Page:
Sludge Life Review

The graffiti-themed Epic Game’s exclusive, Sludge Life, makes its way to the Nintendo Switch today, bringing all of the ‘90s vibes with it!

Sludge Life is one of the strangest games I’ve ever played. It feels like I’m controlling an early Adult Swim or MTV cartoon from the ’90s with its grotesque world filled with a bunch of ugly misfits. It’s just straight up weird and psychotic, but for one reason or another, it clicked with me and for the short amount of time I spent completing its barely there story, I enjoyed my time tagging the world drenched in sludge.

 

 

The game is essentially a first-person platformer where the player controls the up and coming tagger, Ghost, as he paints his art on all the prime locations to garner a slice of infamy. Go anywhere you want straight from the beginning in the small open world and find items like the glider, which helps you to reach new spots.

Like I mentioned previously there’s not much of a story here, but there are plenty of locals to interact with that are quite strange and funny to talk to. There were quite a few lines that made me actually laugh, while others were either a dud or a bit too dark compared to the rest of the game’s tone. The game doesn’t really give you any direction or tell you what to do and you’re pretty much on your own from the start, but that’s part of Sludge Life’s charm.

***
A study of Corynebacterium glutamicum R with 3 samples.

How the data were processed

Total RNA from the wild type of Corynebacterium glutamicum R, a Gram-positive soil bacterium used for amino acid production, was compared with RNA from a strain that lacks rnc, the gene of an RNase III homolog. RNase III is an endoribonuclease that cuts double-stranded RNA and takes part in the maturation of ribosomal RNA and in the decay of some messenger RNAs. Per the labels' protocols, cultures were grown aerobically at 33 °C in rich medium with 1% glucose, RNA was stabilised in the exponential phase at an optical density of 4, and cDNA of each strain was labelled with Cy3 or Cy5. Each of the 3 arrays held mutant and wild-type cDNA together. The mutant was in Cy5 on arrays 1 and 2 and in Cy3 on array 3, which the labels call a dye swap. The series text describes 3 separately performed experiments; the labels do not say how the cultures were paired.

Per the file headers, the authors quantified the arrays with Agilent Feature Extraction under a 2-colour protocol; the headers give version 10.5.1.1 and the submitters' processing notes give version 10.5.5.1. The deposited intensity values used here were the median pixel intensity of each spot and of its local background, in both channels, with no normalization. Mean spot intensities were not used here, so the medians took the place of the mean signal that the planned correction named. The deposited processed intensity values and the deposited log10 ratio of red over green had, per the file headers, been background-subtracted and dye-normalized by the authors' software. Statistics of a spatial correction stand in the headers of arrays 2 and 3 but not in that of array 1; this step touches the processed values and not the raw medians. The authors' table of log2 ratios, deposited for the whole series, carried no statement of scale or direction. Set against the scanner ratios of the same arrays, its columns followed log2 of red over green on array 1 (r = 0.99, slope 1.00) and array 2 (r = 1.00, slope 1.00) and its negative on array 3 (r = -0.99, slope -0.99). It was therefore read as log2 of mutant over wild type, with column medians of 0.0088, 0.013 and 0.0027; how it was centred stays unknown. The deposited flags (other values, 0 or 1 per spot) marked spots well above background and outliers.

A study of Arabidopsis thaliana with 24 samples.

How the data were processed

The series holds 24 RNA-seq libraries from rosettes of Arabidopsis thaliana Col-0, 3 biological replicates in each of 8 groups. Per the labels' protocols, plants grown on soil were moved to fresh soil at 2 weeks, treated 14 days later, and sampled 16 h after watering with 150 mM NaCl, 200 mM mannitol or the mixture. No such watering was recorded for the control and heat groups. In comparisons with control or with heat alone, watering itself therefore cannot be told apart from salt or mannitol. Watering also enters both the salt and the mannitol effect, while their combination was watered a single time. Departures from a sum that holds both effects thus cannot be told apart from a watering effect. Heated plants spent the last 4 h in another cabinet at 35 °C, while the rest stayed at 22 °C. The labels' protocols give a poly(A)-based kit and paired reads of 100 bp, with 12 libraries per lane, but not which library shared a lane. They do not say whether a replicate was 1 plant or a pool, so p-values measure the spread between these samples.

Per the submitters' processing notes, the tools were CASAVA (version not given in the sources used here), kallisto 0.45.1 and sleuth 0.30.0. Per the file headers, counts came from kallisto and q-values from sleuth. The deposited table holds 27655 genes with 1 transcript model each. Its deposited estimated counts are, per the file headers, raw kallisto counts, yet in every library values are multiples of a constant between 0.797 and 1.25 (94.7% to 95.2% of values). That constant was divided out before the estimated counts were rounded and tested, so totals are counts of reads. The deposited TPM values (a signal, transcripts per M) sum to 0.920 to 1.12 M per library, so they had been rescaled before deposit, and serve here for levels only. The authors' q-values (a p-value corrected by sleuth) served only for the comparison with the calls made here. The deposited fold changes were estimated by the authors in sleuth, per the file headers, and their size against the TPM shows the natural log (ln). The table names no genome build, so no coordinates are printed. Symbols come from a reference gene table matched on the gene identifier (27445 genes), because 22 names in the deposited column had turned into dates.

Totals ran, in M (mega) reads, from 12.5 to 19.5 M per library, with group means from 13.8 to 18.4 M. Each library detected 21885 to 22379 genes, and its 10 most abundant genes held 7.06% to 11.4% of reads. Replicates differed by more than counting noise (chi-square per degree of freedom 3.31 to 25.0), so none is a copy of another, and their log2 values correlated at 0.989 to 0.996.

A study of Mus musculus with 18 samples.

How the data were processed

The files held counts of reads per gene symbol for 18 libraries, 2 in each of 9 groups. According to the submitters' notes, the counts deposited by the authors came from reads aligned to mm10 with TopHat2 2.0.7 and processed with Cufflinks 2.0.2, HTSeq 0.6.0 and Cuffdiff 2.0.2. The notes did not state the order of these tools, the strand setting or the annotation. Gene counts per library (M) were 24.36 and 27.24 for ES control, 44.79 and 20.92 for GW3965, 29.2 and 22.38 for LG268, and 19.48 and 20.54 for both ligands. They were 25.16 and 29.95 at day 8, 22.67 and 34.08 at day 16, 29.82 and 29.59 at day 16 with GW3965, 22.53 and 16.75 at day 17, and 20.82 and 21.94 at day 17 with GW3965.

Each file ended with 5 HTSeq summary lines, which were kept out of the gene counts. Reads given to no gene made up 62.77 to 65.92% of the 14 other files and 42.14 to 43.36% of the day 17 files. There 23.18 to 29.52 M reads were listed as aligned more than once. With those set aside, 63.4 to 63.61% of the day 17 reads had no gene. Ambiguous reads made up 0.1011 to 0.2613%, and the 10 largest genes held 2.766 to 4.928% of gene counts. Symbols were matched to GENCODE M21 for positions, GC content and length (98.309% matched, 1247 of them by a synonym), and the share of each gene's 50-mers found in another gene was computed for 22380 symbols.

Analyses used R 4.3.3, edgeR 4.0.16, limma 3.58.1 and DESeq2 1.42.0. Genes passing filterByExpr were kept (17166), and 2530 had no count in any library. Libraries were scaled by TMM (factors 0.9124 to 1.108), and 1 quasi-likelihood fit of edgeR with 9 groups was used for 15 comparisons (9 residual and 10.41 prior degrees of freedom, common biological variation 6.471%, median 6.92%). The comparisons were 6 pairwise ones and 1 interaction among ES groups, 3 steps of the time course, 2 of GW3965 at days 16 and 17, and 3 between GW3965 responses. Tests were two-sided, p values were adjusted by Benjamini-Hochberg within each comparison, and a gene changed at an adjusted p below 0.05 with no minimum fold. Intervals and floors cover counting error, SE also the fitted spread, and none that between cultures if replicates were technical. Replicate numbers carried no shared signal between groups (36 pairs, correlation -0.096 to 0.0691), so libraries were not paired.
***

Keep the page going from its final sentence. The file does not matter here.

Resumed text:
Getting all 100 tags across the game can actually be quite challenging due to the various puzzles that need to be completed in order to reach the different locations. Completing all of the graffiti locations is not needed to beat the game, but it does unlock another ending and there’s not much else to do besides that.

Aesthetically, Sludge Life shines as a wonderful recreation of what the early ‘90s MTV logo might have looked like if it was turned into a video game. It’s both pleasing and nauseating due to the high contrasting colors. Playing it for too long definitely gave me a bit of a headache so keep that in mind if you’re sensitive to contrasting colors.

Going along with the visual vibes, the music (which really only plays when you’re close to a stereo) is a nice mix of hip-hop and low-fi dance beats. The game just feels like one big vibe.

 

 

There are a few secrets and items to explore, like a cat with two buttholes or some disks that unlock horrible mini-games for your in-game laptop, but overall there’s not much replayability after finishing the game. Considering it’s only about a two hour game and it’s free on the Epic Game store for PC you might want to weigh your options before purchasing this one.

Despite how short the game was I still had a decent time exploring the sludge filled world, tagging walls and chatting it up with the loco locals. Playing Sludge Life for too long did give me a headache due to its high contrasting colors and low poly visuals, but in short bursts it’s certainly charming. However, the game’s humor can be hit or miss and there’s not much to discover after clearing the game. That being said, it’s a trippy time in Sludge Life.

 

 

Sludge Life Review
  • 7/10
    Graphics - 7/10
  • 7/10
    Sound - 7/10
  • 7/10
    Gameplay - 7/10
  • 6/10
    Lasting Appeal - 6/10
7/10

Final Thoughts: GOOD

Sludge Life is a short but charming visual recreation of what the ‘90s might have looked like if you were consistently on hallucinogenic drugs and into graffiti. If you like either of those things then this might be the game for you.

 

Tony Matthews

Tony has been gaming ever since he could walk. Pokémon Blue Version helped him learn how to read. His greatest accomplishment is not just having played the entire Kingdom Hearts series but also understanding it.